The way the American Civil War forced choices about identity fascinates me. Suzan-Lori Parks takes this on through her particular lens with her three-act “Father Comes Home From the Wars.”
The play follows the choices made by Hero, a slave who serves his ‘boss-master’ fighting in the war. The first part shows him wrestling against his conscience, amidst his slave comrades, lover/wife, and ‘father’. With a Hamlet-like indecision, it takes other’s actions to get him to move forward.
Parks is referencing the hero’s journey, too, particularly Homer’s “Odyssey.” Hero even takes the name Ulysses later in the play, the Roman name for Odysseus, as well as the Union general, and another slave is named Homer.
But it’s the Shakespearean ties that intrigue me. The second act features a Shakespearean soliloquy by the boss-master that is as touching as it is surprising, as well as unveiling the surprise identity of their Union soldier captive.
Hero continues a motif of trying on clothes to try on new identities. Still, he can’t imagine a future in which his value isn’t expressed monetarily. His choice at the end of the second part is disappointing, but completely in character.
By the third act, the tone changes dramatically, with a Greek chorus of runaway slaves, or maybe they’re more like the three witches of the Scottish play. And Hero’s dog makes an appearance as a truth-telling Fool. While the other characters change and let go, adjusting to shifting circumstances, Hero plays out the same drama of loyalty versus his true identity. He admits to trading his “soul” for values he seems to have no choice in enacting.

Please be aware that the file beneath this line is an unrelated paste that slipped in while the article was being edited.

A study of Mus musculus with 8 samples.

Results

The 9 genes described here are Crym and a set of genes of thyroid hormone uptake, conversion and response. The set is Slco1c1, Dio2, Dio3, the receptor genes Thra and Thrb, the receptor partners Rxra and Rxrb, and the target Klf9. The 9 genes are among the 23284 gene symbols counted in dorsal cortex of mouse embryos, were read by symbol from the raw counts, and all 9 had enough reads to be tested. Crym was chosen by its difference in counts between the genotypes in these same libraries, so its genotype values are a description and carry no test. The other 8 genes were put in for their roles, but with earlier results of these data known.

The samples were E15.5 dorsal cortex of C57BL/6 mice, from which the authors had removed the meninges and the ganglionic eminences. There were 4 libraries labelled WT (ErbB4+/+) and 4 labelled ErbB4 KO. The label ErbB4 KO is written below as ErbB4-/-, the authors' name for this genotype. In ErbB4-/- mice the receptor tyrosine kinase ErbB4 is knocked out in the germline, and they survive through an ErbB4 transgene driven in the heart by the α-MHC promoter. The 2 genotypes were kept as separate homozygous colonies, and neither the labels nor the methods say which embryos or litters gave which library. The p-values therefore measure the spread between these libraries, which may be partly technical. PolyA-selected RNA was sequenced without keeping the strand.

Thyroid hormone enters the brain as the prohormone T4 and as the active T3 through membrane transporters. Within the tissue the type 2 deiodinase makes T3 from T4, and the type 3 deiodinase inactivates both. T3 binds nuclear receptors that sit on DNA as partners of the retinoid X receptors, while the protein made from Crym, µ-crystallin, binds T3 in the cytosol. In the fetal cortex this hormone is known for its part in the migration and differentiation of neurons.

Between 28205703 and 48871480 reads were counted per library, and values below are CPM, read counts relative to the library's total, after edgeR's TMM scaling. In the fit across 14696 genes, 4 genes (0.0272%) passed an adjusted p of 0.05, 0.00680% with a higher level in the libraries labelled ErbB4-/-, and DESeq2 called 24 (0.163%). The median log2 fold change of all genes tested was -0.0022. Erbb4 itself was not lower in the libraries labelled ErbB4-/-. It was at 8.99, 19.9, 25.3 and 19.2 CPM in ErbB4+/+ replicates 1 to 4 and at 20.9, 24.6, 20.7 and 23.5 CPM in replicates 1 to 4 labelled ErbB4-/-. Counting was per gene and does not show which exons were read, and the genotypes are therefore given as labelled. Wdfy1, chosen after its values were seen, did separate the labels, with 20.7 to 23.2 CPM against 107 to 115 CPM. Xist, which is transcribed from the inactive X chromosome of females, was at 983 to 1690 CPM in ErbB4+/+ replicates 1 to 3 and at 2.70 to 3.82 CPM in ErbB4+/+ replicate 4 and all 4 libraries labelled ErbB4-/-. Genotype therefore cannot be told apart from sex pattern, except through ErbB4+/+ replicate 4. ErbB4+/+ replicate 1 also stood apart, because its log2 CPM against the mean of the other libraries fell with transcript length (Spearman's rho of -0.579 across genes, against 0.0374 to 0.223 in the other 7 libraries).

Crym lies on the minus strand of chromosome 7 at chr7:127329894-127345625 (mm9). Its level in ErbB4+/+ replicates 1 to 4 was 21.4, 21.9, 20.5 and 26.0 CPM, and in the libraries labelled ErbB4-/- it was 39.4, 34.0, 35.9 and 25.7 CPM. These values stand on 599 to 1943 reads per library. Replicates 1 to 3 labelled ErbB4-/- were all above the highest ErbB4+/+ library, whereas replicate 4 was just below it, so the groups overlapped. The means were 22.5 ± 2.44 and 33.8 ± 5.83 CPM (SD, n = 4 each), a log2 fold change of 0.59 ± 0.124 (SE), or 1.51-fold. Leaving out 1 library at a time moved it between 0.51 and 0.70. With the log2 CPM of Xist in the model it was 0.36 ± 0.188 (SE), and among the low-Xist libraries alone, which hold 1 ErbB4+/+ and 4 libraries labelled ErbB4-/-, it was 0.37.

Parks has made a Shakespearean play about the greatest tragedy in the American experience, perhaps even greater than the annihilation of Indian cultures, although with much the same results. Some of the allusions are heavy-handed, such as the use of contemporary slang and dress, notably in the third part. I think her audience gets the relevance and crippling legacy of slavery today, without crippling not only one, but two of her characters. Still I can’t imagine the plot without the repercussions of the physical wounds of these characters.
In part two, the characters debate which wounds are worse. Hero says he would choose his legs, while the Yankee wounded in the leg says he now has to choose his arms. The specious choice of which body parts are best to preserve closes the play as Hero says his hands are now his own.
But are they? His self-deception makes him a tragic victim, much like his Shakespearean namesake. She as a passive victim is rescued. This Hero is neither heroic nor saved. It’s a sad business that Parks elevates and elucidates for the ages.